I live in the USA.

I was a member of a small credit union which has merged with a much larger one. I kept a credit card with the small credit union because my interest rate was only 5.75%

When the credit unions merged, my credit card was closed from the original institution and a new one opened by the new institution and my balance transferred.

My limit is $2,000 of which a $1,200 balance was transferred. My questions is, is it reasonable that my credit score dropped 30 points from 779 to 749 from the closure of a card and a balance transfer not of my doing? I am thinking that my score will go back up soon, I do pay it off quickly.

  • 2
    How does this affect your life? Why does this matter?
    – Pete B.
    Jan 8, 2019 at 15:38
  • How long was it at 779 prior to the change? How long have you been carrying the balance?
    – TTT
    Jan 8, 2019 at 16:22
  • 2
    @PeteB. Even if it doesn't matter, it still may be interesting to understand why the transfer caused the change. (And even if the transfer caused it at all!)
    – TTT
    Jan 8, 2019 at 16:24
  • The transfer was the only thing to show on my report. I'm a fairly stable person, meaning I don't make many purchases and when I do they are long term, furniture, remodeling, etc. Does it affect my life right now...no Jan 8, 2019 at 16:40
  • 1
    Are you looking at the same score? Or did you previously have a score provided free by the credit union, and now a score provided by the bank, and they are 30 points different?
    – Ben Voigt
    Jan 10, 2019 at 3:15

2 Answers 2


We don't have an exact formula for how scores are calculated. However, the age of your accounts has a moderate impact on your score.

Pull a report and see if it really shows two accounts with one of them having recently been closed. If that is the case, then your 'new' card would have diluted the average age of your accounts. This is especially true if your history is short or if you have only a few accounts.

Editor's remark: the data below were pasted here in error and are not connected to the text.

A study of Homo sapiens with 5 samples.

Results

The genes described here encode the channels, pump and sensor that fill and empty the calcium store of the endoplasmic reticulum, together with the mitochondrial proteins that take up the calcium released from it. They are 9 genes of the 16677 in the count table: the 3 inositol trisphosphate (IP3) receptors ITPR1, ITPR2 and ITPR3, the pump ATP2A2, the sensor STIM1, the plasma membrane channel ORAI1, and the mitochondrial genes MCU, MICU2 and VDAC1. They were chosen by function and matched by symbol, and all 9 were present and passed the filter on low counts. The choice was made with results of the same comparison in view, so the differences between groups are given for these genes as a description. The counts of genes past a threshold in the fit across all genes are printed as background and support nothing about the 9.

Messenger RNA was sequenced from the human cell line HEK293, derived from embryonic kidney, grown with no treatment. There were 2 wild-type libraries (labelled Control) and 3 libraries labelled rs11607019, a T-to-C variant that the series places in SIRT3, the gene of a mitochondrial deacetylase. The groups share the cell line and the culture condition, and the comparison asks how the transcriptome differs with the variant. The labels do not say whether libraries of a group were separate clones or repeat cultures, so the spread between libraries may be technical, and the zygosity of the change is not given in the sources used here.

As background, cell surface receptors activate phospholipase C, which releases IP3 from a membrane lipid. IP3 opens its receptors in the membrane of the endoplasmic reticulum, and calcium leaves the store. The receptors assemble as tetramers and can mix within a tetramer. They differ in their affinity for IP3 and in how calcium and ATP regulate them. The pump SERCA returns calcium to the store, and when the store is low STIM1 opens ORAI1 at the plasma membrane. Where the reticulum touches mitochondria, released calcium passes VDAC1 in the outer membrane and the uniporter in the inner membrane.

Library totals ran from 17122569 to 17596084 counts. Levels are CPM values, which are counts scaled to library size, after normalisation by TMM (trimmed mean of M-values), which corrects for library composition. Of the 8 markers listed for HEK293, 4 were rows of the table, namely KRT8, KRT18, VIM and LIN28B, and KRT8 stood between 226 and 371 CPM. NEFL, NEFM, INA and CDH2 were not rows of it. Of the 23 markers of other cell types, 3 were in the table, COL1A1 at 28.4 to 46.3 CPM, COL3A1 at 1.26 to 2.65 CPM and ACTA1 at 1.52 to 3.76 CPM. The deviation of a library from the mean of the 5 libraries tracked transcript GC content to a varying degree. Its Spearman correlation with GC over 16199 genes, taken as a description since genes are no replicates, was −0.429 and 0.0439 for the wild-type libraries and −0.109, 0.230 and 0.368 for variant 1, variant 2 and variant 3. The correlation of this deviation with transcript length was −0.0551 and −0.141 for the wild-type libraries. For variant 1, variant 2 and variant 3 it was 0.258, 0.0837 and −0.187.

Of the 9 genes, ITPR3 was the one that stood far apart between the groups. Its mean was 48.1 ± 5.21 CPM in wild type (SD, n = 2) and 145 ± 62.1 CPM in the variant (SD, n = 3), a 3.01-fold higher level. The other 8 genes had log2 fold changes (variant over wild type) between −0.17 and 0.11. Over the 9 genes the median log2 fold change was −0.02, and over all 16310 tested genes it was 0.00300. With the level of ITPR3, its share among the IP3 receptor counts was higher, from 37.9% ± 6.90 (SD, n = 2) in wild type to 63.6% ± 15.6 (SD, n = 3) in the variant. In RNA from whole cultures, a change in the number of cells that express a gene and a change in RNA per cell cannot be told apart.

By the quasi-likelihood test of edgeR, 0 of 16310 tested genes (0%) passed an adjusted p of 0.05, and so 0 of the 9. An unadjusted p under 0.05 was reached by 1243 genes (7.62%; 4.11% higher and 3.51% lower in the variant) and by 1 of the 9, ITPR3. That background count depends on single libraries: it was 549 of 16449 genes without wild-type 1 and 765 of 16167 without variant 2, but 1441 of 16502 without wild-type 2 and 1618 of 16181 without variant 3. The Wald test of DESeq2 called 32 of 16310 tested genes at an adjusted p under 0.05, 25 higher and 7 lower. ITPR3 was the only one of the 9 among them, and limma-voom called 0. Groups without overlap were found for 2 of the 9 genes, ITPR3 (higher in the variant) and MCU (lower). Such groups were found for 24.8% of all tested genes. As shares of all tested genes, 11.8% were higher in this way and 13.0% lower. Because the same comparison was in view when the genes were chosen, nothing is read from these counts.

Also, double check to make sure there wasn't a hard pull from the new institution.

  • The closure does not show, I'm guessing maybe this is a one month dip and in a month it will go back to normal, it shows I have had the card with them for the full term. Jan 8, 2019 at 16:01
  • Do you see only a single entry for the card with its entire history? It is in the name of the old or new bank?
    – Brian R
    Jan 8, 2019 at 16:37
  • single entry, with new credit union name Jan 8, 2019 at 17:32
  • Hmm well it sounds like they properly assumed the account. If that's the case, it should not have had an impact at all on your score. If you had a tool like CreditKarma tracking your score, it should be able to indicate what may have changed on your report.
    – Brian R
    Jan 8, 2019 at 17:47
  • CreditKarma is how I found out about it - I check it weekly Jan 8, 2019 at 18:11

Even know we can't be 100% sure of how credit scores work. Yes it is possible for the credit score to drop a bit when a credit card is closed/cancelled or even when a loan is totally paid (so closed). The thing here is that you are financially stable, so my guess is that the credit-unions assumed/counted it as if you had close your credit card account by yourself. It would not be the first time someone's credit score dropped a bit by closing an account (credit card). Your score will probably go back to what it was in a few months.